December 28, 2005 | Marla Dickerson, Times Staff Writer
The founders of the upstart cola maker Ajegroup know a thing or two about guerrilla marketing. When Shining Path rebels took to hijacking Coca-Cola Co. trucks in the late 1980s during Peru's civil war, the Ananos family started peddling its own line of soft drinks in recycled beer bottles to meet local demand. Today the company controls more than one-fifth of the cola market in Peru.
March 11, 1998 | RUSS STANTON, TIMES STAFF WRITER
Breaking an exclusive 43-year partnership with the Walt Disney Co., Coca-Cola Co. walked away from a new contract as the sole soft-drink supplier at Edison International Field of Anaheim for the upcoming baseball season. Instead, Disney said Tuesday, it has signed a 10-year agreement with Pepsi-Cola Co. Financial terms weren't disclosed. Coke had the right to match Pepsi's Edison Field offer, but decided the price was too high, opening the door for Pepsi to the Disney kingdom.
NEWS
March 5, 2012 | By Eryn Brown, Los Angeles Times / For the Booster Shots blog
In a letter to the U.S. Food and Drug Administration, the consumer watchdog group Center for Science in the Public Interest called on officials to ban the use of caramel coloring in popular soft drinks, citing a possible cancer risk.  This isn't the first time that CSPI has targeted the food additive that gives colas, including Coke and Pepsi, their familiar brown color. The organization first petitioned the FDA on the matter in 2011, noting that 2-methylimidazole and 4-methylimidazole, which form when sugar is mixed with ammonia and sulfites to create caramel coloring, had been shown to cause lung, liver and thyroid cancer in mice and rats.
BUSINESS
June 4, 1985 | From United Press International
The first change in Coca-Cola's 99-year-old secret recipe is being ballyhooed with a media blitz of major cities that links Coke with milestones of U.S. history and major personalities and events in American culture. Coke is not alone, but its campaign is one of the biggest in the new swing of advertising toward patriotism--a trend that some advertising analysts believe cheapens and saps loftier virtues.
NEWS
September 16, 1990
Considering his decision to move "Twin Peaks" to Saturday night, I assume ABC's prime-time programmer is the same person responsible for "new Coke" and the Lotto 6-53 game. Jerrold Kazdoy, Studio City
BUSINESS
October 9, 2011 | By Henry Mance
Ketchup does not need to be kept in the fridge, apples sold in supermarkets may have been picked a year ago and there is no proof that hand gel can protect us from swine flu. If we act as if the reverse is true, it is because big consumer brands have bombarded our subconscious — and won. That is the argument of Martin Lindstrom in his latest book, "Brandwashed: Tricks Companies Use to Manipulate Our Minds and Persuade Us to Buy," published by...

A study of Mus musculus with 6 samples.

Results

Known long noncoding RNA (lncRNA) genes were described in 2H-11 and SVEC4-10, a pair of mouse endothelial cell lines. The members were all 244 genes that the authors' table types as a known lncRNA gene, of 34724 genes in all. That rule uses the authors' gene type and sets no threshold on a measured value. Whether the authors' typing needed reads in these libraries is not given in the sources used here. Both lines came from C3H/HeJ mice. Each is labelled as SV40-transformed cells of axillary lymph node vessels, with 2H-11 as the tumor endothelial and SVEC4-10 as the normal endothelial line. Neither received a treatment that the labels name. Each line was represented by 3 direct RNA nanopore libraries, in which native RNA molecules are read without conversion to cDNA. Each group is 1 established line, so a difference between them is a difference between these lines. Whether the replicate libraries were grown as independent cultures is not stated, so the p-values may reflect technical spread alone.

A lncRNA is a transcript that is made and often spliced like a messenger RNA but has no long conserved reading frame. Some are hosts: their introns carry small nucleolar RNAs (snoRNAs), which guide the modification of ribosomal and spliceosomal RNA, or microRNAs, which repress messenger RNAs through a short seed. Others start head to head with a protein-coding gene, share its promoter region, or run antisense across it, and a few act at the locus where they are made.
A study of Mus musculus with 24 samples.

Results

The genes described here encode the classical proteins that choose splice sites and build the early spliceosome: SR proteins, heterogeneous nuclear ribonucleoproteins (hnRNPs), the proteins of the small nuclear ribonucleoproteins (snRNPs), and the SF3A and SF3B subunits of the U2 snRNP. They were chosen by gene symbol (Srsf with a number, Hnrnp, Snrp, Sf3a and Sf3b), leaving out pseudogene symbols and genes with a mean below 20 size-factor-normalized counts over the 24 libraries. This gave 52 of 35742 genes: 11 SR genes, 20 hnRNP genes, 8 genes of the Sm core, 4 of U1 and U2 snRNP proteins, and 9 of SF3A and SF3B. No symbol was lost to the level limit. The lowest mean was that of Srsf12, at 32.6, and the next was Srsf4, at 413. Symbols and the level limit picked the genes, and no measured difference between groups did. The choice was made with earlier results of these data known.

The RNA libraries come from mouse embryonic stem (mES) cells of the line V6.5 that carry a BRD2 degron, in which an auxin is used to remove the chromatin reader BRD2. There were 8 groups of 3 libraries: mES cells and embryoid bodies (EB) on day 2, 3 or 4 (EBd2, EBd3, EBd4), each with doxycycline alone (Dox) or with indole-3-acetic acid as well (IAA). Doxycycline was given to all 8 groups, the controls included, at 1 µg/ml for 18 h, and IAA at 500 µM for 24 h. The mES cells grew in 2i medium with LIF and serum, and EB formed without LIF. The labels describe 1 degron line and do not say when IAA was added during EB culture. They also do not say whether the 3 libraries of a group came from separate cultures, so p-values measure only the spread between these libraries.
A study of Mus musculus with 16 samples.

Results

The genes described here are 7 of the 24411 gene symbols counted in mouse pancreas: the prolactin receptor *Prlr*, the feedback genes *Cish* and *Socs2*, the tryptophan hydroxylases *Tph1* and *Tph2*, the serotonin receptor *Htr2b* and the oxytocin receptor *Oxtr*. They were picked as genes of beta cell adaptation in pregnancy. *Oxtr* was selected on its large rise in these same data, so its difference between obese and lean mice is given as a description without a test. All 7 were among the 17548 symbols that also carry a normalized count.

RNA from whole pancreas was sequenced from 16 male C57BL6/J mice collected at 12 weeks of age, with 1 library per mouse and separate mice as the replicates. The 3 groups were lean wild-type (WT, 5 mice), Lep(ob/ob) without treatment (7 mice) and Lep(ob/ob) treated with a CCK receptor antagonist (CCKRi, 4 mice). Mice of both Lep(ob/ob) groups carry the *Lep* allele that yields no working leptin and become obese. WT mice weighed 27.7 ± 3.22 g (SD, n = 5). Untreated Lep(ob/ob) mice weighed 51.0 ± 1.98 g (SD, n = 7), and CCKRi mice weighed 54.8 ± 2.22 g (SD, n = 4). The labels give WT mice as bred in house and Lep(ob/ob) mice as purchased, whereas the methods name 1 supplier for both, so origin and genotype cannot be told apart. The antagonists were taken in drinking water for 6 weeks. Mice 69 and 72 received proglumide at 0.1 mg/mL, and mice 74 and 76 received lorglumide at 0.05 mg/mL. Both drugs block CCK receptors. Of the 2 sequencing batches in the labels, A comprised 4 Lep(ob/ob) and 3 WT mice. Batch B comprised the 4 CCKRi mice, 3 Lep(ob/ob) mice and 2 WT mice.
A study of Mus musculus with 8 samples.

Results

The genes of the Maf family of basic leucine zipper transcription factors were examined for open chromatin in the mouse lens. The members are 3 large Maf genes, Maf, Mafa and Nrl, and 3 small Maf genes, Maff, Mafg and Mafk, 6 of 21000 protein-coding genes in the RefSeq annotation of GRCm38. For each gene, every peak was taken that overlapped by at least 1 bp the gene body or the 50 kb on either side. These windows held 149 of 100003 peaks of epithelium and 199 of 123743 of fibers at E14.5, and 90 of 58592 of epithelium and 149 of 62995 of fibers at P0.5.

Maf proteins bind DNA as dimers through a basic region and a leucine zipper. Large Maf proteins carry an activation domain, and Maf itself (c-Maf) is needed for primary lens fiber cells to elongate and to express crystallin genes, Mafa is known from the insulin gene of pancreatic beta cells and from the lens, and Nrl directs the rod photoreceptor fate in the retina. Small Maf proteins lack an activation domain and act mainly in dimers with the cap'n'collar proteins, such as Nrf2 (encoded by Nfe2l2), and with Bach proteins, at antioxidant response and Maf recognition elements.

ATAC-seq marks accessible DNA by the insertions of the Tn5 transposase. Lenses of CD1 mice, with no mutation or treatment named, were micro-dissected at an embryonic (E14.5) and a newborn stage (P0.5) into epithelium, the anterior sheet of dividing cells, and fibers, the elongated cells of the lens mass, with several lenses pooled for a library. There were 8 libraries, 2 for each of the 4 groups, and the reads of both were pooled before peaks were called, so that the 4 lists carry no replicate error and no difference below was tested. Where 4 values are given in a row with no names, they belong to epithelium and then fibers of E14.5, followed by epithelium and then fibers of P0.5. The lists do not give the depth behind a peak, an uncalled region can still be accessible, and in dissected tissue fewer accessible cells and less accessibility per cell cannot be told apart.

BUSINESS
January 1, 2012 | By Alan Rappeport
Twice in his career of more than 30 years at Coca-Cola, Neville Isdell was offered positions at PepsiCo, the archrival soft drinks company and perennial No. 2 in the cola wars. For some, the rivalry was always a marketing myth, but for Isdell, who eventually rose to become Coke's chief executive, loyalty to the red team runs deep. "I have a belief system that when the Good Lord created the world, he created Coke No. 1 and Pepsi No. 2," Isdell writes in a new memoir, "Inside Coca-Cola: A CEO's Life Story of Building the World's Most Popular Brand.
BUSINESS
October 31, 2010 | By Andrew Leckey
Question: How will changes at Coca-Cola Co. affect my stock? Answer: Coca-Cola has been ranked the most valuable brand worldwide for the last 11 years by Interbrand, the global branding firm. The world's largest maker of soft drinks, the company sells more than 3,300 products in more than 200 countries. Almost three-fourths of its revenue is generated outside the U.S. For example, the company recently predicted its sales in Peru would hit $1 billion within five years.
CALIFORNIA | LOCAL
April 12, 2002 | Dana Parsons
I visited my high school a few years ago in good ol' Omaha and was dismayed to see they'd torn out the old lockers, reconfigured the classrooms and, in short, remodeled the whole dadgum place. I prefer that things stay the same, even at the scene of my most tortured teenage moments. As jarring as those changes were, the biggest shocker was the vending machines in the student commons area. Soda pop machines on campus? Inside the school? During my high school days in the mid-1960s, vending machines on campus would have been about as likely as slot machines.